What is Parkinson's?

Written by
Helen West

April 11th 2018 is World Parkinson's Day. It's a day dedicated to raising awareness of the disease, and showing support for sufferers.

Parkinson's disease affects millions of people around the world. In the UK, there are an estimated 127,000 people living with the condition. It is most common in those aged 50 or over, but it can affect people of all ages.

What is Parkinson’s?

Parkinson’s disease is a progressive neurological condition. It isn't known what causes it, but we do know that areas of the brain get damaged over time. As a result, individuals with Parkinson’s don’t have enough dopamine, which is a chemical that transmits information from one brain cell to another.

Image of brain cells

Parkinson’s affects the way people move, and is often associated with shakiness and tremors. However, there are a wide range of symptoms that sufferers may experience. Unfortunately, there is currently no cure for Parkinson’s, but symptoms can be managed.

Symptoms

The most common symptoms of Parkinson’s are involuntary shaking of particular parts of the body (tremor); slow movement; and rigidity (stiffness and inflexible muscles).

Other physical symptoms include freezing, which is when you feel like your feet are glued to the ground; restless legs, which is an overwhelming urge to move your legs; and problems swallowing. These are known as motor symptoms.

People with Parkinson’s may also experience non-motor symptoms, which include anxiety, dementia, and depression.

Not everyone experiences the same symptoms, so if you think you or someone close to you may be experiencing the symptoms of Parkinson’s, it’s best to speak with your GP. Parkinson's UK have created a short video, which explains Parkinson's in more detail. Watch it below. 

How could a mobility product help someone with Parkinson’s?

Parkinson’s is a condition that impacts movement. If you’re suffering from the disease, a mobility product may make it easier for you to carry out daily tasks.

Bathing aids

A bath seat or shower seat can help someone with Parkinson’s feel more confident while bathing. They reduce the risk of slips and falls, particularly if you are experiencing problems with your balance.

At Middletons, we offer a range of bathing aids, from our Riviera bath lift that gently and safely lowers you in and out of your bath, to our free-standing shower stools, which allow you to sit down while showering.

Eating and drinking

Those who suffer from reduced grip, shakiness, or tremors may benefit from specially designed cutlery. Specially designed cutlery, such as our tea-cup, make it easier to eat and drink without worrying about spills.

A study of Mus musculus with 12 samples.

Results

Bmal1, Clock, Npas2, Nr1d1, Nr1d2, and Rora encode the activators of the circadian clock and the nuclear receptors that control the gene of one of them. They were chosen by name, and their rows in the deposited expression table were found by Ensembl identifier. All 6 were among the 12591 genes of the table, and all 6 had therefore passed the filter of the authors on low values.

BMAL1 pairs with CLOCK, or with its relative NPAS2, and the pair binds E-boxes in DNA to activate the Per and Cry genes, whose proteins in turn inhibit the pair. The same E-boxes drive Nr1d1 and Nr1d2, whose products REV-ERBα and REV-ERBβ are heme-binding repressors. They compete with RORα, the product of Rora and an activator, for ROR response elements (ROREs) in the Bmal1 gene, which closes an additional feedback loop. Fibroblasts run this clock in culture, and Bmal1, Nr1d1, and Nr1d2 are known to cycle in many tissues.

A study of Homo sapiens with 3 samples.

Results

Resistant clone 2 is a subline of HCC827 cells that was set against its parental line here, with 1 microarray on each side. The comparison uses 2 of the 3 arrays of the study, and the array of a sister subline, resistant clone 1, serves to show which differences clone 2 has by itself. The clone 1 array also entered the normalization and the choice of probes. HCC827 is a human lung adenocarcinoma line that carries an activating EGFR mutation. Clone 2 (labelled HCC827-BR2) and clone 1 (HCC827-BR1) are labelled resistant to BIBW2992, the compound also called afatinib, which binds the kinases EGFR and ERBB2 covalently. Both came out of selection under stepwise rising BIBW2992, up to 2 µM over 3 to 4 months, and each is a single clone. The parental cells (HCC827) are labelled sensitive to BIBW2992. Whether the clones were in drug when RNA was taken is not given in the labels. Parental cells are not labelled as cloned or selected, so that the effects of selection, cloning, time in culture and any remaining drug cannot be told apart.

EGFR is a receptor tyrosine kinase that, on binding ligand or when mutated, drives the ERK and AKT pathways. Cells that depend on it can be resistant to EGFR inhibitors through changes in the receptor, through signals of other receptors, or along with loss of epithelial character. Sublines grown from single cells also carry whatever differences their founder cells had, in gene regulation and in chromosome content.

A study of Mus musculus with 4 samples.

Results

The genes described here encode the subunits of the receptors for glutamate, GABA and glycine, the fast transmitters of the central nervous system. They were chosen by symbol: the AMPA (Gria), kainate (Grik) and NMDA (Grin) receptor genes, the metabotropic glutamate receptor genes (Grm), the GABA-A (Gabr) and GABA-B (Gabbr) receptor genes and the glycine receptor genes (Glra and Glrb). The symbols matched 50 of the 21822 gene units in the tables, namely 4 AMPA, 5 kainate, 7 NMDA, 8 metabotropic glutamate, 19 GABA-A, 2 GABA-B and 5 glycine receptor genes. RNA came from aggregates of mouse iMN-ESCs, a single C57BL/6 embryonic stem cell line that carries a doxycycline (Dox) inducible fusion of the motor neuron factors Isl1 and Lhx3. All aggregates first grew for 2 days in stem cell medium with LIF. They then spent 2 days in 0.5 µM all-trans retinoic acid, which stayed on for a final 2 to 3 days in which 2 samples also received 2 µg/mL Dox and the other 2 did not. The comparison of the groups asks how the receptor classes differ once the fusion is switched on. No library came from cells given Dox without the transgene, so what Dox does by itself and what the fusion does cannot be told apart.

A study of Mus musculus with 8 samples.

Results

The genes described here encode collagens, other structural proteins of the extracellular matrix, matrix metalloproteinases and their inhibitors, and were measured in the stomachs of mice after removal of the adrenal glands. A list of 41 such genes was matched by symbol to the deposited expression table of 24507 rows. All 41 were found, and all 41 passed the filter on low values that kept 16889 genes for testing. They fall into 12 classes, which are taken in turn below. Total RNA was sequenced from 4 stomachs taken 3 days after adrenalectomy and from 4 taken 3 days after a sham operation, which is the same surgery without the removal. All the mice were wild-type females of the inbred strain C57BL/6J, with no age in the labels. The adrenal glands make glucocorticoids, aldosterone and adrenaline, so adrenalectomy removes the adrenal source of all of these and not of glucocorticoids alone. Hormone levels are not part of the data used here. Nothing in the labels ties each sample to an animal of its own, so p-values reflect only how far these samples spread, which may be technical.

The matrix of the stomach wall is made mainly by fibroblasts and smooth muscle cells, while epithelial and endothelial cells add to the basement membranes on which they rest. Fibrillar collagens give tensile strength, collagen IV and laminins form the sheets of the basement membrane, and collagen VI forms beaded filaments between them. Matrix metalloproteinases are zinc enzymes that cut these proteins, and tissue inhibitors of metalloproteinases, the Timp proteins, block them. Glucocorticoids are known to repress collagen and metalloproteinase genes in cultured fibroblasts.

Walking sticks

Low blood pressure, fatigue, and dizziness are all physical symptoms that Parkinson’s sufferers may experience. A walking stick could assist you in getting around and maintaining your independence. If fatigue is making it difficult for you to complete daily tasks like going shopping, a walking stick with a built-in seat may help.

Walking frames

Another symptom of the Parkinson’s is slowness of movement. If you experience this, you may find that you walk with short, shuffling steps, or notice that it takes you a long time to do things you used to find simple. A walking frame can provide you with the additional support you need to carry on with your daily life.

Frames without wheels are generally regarded as most stable, but they’re best for using to cover short distances. Wheeled walkers are better for covering longer distances.

A walking aid can help you lift your feet, walk better, and feel more stable and confident while you are out. However, Parkinson’s UK recommends consulting a physiotherapist before using a walking aid, to ensure that you have the right equipment for your needs.

Treatment of Parkinson’s

Although there is no cure for Parkinson’s, the condition can be controlled to help you maintain a good quality of life. Medication is the main treatment, but physical therapies such as physiotherapy and occupational therapy may also help people manage their symptoms.

Your GP will be able to tell you about the different options available to you if you suffer from Parkinson’s.